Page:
Color Blindness Filters
According to the site www.colourblindawareness.org, 1 in 8 men and 1 in 200 women worldwide experience some form of color blindness. Clearly, if you want your game to have the widest appeal that it can, considering color blindness would be a good idea. At the same time, without being able to personally experience the different forms of colorblindness it is hard to design art and assess their effects.
|Common Name||Medical Name||Description|
|Red/Green (1)||Deuteranomaly||Weak perception of green|
|Red/Green (2)||Protanomaly||Weak perception of red|
|Red/Green (3)||Protanopia||Unable to see red|
|Red/Green (4)||Deuteranopia||Unable to see green|
|Blue/Yellow (1)||Tritanopia||Weak perception of blue|
|Blue/Yellow (2)||Tritanomaly||No perception of blue|
|Fully Color Blind||Achromatopia||People only see in blacks, whites and grays|
|Decreased Color Sensitivity||Achromatomaly||People can see color, but only very dimly|
You can read more about color blindness and its causes on Wikipedia. The article also has several excellent graphics that demonstrate the different forms of color blindness.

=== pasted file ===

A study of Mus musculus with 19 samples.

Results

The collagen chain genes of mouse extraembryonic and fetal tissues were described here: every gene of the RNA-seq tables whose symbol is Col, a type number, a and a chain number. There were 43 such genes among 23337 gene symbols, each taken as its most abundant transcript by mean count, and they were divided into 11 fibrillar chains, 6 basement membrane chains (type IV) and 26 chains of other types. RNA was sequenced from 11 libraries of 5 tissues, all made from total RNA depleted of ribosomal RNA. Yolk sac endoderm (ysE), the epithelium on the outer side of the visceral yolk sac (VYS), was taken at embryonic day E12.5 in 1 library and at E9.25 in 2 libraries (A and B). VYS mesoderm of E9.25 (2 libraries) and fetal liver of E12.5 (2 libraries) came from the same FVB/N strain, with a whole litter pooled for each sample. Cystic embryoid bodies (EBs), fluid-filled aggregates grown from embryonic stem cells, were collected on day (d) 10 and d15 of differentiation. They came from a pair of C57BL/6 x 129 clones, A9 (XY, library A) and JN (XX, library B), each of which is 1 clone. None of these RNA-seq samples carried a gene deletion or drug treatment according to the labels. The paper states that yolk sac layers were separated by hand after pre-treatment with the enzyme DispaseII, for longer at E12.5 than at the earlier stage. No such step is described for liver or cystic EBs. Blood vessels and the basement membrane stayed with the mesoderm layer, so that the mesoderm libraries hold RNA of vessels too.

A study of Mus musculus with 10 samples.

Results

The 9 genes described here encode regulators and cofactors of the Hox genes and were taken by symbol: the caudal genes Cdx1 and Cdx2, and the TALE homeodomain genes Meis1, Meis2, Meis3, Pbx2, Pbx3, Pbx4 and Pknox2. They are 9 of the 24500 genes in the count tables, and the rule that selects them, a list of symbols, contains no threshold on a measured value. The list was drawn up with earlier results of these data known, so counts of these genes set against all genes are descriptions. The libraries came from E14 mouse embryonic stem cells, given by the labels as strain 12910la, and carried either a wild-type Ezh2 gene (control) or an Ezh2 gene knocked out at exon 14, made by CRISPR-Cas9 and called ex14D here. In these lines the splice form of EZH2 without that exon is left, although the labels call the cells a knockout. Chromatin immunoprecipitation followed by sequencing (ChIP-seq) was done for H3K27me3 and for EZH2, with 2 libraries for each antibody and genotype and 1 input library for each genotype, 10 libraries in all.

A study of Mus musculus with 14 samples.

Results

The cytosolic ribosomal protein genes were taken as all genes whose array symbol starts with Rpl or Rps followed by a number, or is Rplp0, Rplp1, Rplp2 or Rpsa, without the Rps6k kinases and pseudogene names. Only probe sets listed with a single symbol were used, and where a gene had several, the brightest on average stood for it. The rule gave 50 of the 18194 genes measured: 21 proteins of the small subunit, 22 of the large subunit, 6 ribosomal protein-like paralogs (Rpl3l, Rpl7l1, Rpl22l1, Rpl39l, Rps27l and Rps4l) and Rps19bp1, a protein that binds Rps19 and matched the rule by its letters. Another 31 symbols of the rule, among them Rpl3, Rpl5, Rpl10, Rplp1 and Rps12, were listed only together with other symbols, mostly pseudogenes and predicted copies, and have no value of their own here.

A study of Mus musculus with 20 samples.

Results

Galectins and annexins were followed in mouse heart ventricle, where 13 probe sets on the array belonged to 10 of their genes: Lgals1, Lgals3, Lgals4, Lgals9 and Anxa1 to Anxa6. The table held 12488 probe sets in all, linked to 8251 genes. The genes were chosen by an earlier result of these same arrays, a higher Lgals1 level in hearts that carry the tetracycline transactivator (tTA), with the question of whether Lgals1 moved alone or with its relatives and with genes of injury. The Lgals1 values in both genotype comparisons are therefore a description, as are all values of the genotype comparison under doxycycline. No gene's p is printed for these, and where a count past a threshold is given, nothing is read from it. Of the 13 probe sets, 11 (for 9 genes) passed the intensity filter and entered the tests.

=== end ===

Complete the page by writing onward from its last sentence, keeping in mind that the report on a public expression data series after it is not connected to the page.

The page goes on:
To help you with checking your art for accessibility to people with color blindness, Component Studio has a set of filters which you can turn on and off. Like the Overlay, the filters do not change how your art will be rendered when exporting. They only change the display of the art in the Design Editor. Click on the color filter dropdown while editing your Design to look at the current design any of the 8 filter options:
Due to limitations of Microsoft's Edge browser, this feature does not work in it, and the color filter dropdown will not be displayed at all.